India is not the only country that is adapting to demonetisation. There have been many other countries that have tried demonetisation.
However, there are several other countries that have embraced it in the past.
Though some of these countries have met the purposes, some of them have failed miserably. So, check out the list of countries that have tried demonetisation.
Nigeria
In 1984, during the government of Muhammadu Buhari, this nation introduced the new currency and banned the old notes. Since Nigeria was debt-ridden and inflation had also hit the country, the change did not go well and the economy collapsed.
Ghana
During 1982, this nation ditched their 50 cedis note. This move was taken to tackle tax evasion and empty the excess liquidity. People were not supportive of this sudden move and, hence, they started investing in physical assets, which obviously made the economy weak.
Pakistan
Pakistan will phase out the old notes, as it will bring in new designs from December 2016. The government had taken this step a year and a half back and the citizens had time to get their currency notes exchanged.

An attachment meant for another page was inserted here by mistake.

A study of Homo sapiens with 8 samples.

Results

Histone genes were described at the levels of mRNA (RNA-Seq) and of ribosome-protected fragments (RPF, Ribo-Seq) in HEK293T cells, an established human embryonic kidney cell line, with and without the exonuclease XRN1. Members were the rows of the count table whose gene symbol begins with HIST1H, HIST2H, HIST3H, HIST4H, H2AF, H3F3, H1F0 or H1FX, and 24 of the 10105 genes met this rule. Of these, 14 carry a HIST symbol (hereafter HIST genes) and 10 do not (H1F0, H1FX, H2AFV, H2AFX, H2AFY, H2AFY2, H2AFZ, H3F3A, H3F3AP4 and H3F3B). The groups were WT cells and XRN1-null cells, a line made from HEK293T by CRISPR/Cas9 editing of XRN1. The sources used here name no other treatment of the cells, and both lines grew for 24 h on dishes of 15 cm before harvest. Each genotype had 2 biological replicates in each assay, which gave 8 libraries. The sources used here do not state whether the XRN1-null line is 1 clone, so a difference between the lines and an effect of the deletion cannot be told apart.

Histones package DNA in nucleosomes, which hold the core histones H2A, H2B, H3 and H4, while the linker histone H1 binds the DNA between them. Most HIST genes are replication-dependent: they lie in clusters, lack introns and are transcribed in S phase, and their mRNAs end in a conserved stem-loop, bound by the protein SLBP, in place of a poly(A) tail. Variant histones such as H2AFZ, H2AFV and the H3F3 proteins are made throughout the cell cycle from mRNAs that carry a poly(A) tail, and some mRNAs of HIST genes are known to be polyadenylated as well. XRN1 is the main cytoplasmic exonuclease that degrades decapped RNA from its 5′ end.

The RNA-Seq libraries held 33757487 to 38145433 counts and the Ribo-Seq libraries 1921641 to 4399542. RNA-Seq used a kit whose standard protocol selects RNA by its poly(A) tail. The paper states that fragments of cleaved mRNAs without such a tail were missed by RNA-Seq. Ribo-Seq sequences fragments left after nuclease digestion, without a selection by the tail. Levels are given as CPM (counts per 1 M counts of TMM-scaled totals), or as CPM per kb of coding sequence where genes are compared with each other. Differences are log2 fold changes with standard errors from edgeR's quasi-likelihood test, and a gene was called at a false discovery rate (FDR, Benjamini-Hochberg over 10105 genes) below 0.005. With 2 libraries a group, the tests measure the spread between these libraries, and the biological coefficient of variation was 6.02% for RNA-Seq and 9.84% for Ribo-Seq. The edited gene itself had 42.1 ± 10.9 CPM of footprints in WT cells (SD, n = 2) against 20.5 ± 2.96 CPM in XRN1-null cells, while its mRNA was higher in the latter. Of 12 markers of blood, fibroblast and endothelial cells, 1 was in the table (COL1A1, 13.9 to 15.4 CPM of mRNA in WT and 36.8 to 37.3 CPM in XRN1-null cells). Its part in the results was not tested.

Zimbabwe
Did you know that Zimbabwe used to have $100,000,000,000,000 note? Yes, a one hundred trillion dollar note! Wow! After demonetisation, the value of these notes has dropped to $0.5 dollar.
North Korea
The demonetisation that happened in this nation in 2010 left people with no food and shelter. This was done to banish the black market.
Soviet Union
The government had ordered a withdrawal of large-ruble bills from circulation to take over the black market. However, sadly, this move didn’t go well with the citizens and it eventually led to the Soviet breakup.
Australia
This was the first nation to introduce polymer notes. This was done to stop the widespread of counterfeiting. It did not have any side effects on the economy.
Myanmar
Myanmar’s military invalidated around 80% value of money in 1987. This step was taken to curb the black market. Sadly, this decision led to economic disruption and it also lead to mass protests that killed many people.